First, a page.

Penn State had been waiting for this performance. Intentional offensive efficiency and terrorizing defense. A game when everything clicks and you start to see the kind of team the Nittany Lions might become.

If Penn State’s win over Illinois a week ago left behind a lukewarm aftertaste of “good enough, I guess” then Saturday’s 31-0 victory over Iowa was a far more well-cooked meal. It was balanced in its flavor, well-crafted in its execution and presentation. Illinois was leftovers; Iowa was something to sink your teeth into. In fact, it was so one-sided that it’s almost completely forgotten that Iowa entered the game just inside the Top 25 at No. 24.

Defensively, even in the light of Iowa’s injured offense, which even on a good day can be described wholeheartedly as Not Great, the Nittany Lions looked like what everyone has been waiting to see. This was a group no longer playing with its food, but rather a cohesive unit not interested in giving Iowa the benefit of missed gap assignments or momentum. The Hawkeyes were held to 76 yards of offense, and it was well under 60 until some garbage time gains. For a good long while Iowa had just two first downs, a number that would have tied Penn State’s single-game defensive record if not for two late first downs in the fourth quarter. Four turnovers and a single third-down conversion did little to help the Hawkeyes either.

“When you get people off schedule on first and second down and do a great job of defending the run, then you put yourself in a position to earn the right to rush the passer by how you defend the run,” Penn State coach James Franklin said after the game. “So, some real positives to build on. But it really starts with playing great run defense on early downs to give yourself the havoc rate in terms of sacks, tackles for loss and turnovers.”

All told, in a week full of statement games across college football, Penn State’s may not have rang the loudest, but among those keeping an eye on the early stages of the Nittany Lions’ season, the Nittany Lions’ defense finally made its grand entrance. No matter how dysfunctional Iowa might be on the offensive side of the ball, the Nittany Lions left little doubt in their competency and reassured those slowly raising a red flag that in fact there is no danger.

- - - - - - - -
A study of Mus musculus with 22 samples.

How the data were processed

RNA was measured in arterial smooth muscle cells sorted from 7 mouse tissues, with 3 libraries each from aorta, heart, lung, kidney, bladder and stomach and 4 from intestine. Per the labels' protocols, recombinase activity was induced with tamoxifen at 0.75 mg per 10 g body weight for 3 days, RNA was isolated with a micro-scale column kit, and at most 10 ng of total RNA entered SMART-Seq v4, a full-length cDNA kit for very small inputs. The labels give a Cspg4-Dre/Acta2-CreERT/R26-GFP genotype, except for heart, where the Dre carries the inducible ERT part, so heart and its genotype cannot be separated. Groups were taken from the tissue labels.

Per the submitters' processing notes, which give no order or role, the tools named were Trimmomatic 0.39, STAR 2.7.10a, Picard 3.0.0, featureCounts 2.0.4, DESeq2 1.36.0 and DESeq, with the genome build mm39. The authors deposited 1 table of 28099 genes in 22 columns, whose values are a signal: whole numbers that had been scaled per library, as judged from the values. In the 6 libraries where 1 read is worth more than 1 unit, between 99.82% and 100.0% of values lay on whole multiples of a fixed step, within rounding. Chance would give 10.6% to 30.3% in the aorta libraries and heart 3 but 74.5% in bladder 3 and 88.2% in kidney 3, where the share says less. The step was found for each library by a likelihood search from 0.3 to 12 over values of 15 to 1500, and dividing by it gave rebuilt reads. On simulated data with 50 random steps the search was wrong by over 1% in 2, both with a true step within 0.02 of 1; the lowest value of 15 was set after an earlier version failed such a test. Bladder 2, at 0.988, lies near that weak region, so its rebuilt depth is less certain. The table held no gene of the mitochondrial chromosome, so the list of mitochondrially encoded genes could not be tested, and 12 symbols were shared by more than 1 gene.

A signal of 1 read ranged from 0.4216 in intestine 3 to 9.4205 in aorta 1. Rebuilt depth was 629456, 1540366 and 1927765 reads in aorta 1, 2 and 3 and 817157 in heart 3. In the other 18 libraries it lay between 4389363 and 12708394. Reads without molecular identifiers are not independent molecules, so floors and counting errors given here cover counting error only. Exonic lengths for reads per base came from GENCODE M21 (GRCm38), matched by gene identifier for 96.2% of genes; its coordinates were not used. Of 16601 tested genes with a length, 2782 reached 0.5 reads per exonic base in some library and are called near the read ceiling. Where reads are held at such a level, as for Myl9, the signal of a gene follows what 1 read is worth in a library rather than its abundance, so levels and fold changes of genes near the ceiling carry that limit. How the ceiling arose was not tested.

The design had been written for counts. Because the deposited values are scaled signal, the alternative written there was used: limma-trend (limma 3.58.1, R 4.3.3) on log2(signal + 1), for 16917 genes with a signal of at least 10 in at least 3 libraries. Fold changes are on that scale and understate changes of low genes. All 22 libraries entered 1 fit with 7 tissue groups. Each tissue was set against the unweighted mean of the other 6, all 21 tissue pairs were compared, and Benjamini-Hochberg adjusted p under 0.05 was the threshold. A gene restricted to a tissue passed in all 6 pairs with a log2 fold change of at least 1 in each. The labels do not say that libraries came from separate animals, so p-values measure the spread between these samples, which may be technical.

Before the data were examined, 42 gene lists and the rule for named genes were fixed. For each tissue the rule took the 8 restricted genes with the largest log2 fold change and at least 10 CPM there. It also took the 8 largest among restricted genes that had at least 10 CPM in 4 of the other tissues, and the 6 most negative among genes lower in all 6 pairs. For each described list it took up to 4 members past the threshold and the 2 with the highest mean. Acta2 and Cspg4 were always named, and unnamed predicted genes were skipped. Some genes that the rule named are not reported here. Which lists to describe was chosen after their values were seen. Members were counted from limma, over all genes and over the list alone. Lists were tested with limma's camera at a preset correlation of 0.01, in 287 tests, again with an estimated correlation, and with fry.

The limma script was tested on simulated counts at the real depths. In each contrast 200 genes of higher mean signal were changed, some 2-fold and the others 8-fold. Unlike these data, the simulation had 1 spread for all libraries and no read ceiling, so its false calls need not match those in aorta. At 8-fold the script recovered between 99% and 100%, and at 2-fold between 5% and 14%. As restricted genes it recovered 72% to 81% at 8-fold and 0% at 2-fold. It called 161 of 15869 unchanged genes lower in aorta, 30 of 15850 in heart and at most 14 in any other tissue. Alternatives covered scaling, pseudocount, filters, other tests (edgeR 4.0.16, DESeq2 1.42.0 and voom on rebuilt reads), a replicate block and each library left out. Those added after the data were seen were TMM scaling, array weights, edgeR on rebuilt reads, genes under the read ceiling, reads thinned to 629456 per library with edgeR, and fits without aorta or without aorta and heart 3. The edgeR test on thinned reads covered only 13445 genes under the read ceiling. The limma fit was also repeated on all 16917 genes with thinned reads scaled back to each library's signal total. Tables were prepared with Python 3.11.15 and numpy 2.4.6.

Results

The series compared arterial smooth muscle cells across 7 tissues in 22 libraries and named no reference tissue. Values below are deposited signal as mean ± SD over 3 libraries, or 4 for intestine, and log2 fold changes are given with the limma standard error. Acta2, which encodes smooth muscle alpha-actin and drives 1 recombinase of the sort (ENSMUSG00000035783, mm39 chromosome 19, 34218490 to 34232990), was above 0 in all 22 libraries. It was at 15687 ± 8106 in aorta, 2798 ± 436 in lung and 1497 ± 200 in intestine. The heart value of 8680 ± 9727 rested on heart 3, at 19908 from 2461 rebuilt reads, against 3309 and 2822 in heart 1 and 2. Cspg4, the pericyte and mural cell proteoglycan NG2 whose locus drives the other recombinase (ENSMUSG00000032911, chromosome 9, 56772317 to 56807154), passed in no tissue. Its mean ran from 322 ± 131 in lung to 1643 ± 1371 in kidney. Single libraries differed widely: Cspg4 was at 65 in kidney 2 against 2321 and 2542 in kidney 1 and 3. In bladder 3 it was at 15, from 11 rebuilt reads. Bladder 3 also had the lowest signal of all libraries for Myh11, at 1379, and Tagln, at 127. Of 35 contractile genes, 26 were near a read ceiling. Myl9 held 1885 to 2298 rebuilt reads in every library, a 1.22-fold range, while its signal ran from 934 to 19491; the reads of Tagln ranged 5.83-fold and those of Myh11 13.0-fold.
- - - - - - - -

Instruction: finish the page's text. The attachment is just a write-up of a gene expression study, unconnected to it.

For its part Penn State’s offense played the part of a boxer simply jabbing away, waiting for the opportunity to land a few knockout blows. The Nittany Lions still have some questions in need of answering and some problems to resolve in the coming weeks, but they have mastered the early season art of grinding it out. Penn State had scoring drives of 7:28, 6:40 and 5:50 while racking up over 45 minutes of possession. This was an offense which ran the ball 57 times for 215 yards and eventually turned first half 4-5 yard gains into second half spurts of 6-to-8 yards. In fact, Penn State’s rushing average effectively doubled going from 2.5 yards per carry in the first half to 4.8 in the second half.

“I think we got a pretty good idea of what they did well,” Franklin added. “And I thought [offensive coordinator Mike Yurcich] did a really good job of calling and not getting bored against an Iowa defense who is damn good and not get bored of the plays that were consistently getting us five to six yards and coming back to them. Don’t get bored with them. Keep coming back to them until they prove that they can stop it.”

Meanwhile, Drew Allar quietly passed for four touchdowns, bouncing back from a mundane performance against Illinois in a 25-for-37 effort that took what Iowa offered and not much more. Each of his touchdown passes came with the sort of power and precision that turned him into the quarterback prospect that makes scouts drool. On the other end of one of those touchdowns was an ever-growing KeAndre Lambert-Smith, the redzone weaponry of tight end Tyler Warren and the depth receiver of the week, tight end Khalil Dinkins.

It’s impossible to talk about anything related to Iowa football and not embrace the Hawkeyes historically bad offense and sound – but predictable – defensive approach. Iowa is very much Iowa, the sort of thing that either lends itself to unexpectedly close games or the kind of bludgeoning that Penn State participated in on Saturday (though the Hawkeyes had not been shut out since 2000).

Nevertheless, there is something to be said for doing what should be done. If Penn State is going to make something of this growing win total, it will do so by getting increasingly good at making a meal out of the teams that it should. Saturday night was a step in that direction and a more emphatic one than the convincing-but-not-sexy win it had over Illinois the week prior. For now, that menu immediately includes Northwestern next weekend and UMass the following before the Nittany Lions look to finally come out of an off week and not lose a step. A date with Ohio State on the other side of that break should offer little reason for Penn State to hit a lull, but the Nittany Lions’ have not always benefited from the off week. A story for another day.

When it’s all said and done, Penn State’s win over Iowa could have very reasonably been at the hands of a rainy slog, but the Nittany Lions instead opted for a second half full of methodical offensive knockout blows as the defense spent the entire game teeing off on a weaponless offense. The next few weeks may not pose the same challenge as Iowa potentially could have, but given the opportunity to reassure everyone that the team they were hoping to see was there to be had, Penn State did just that. And there’s a victory in that for James Franklin too.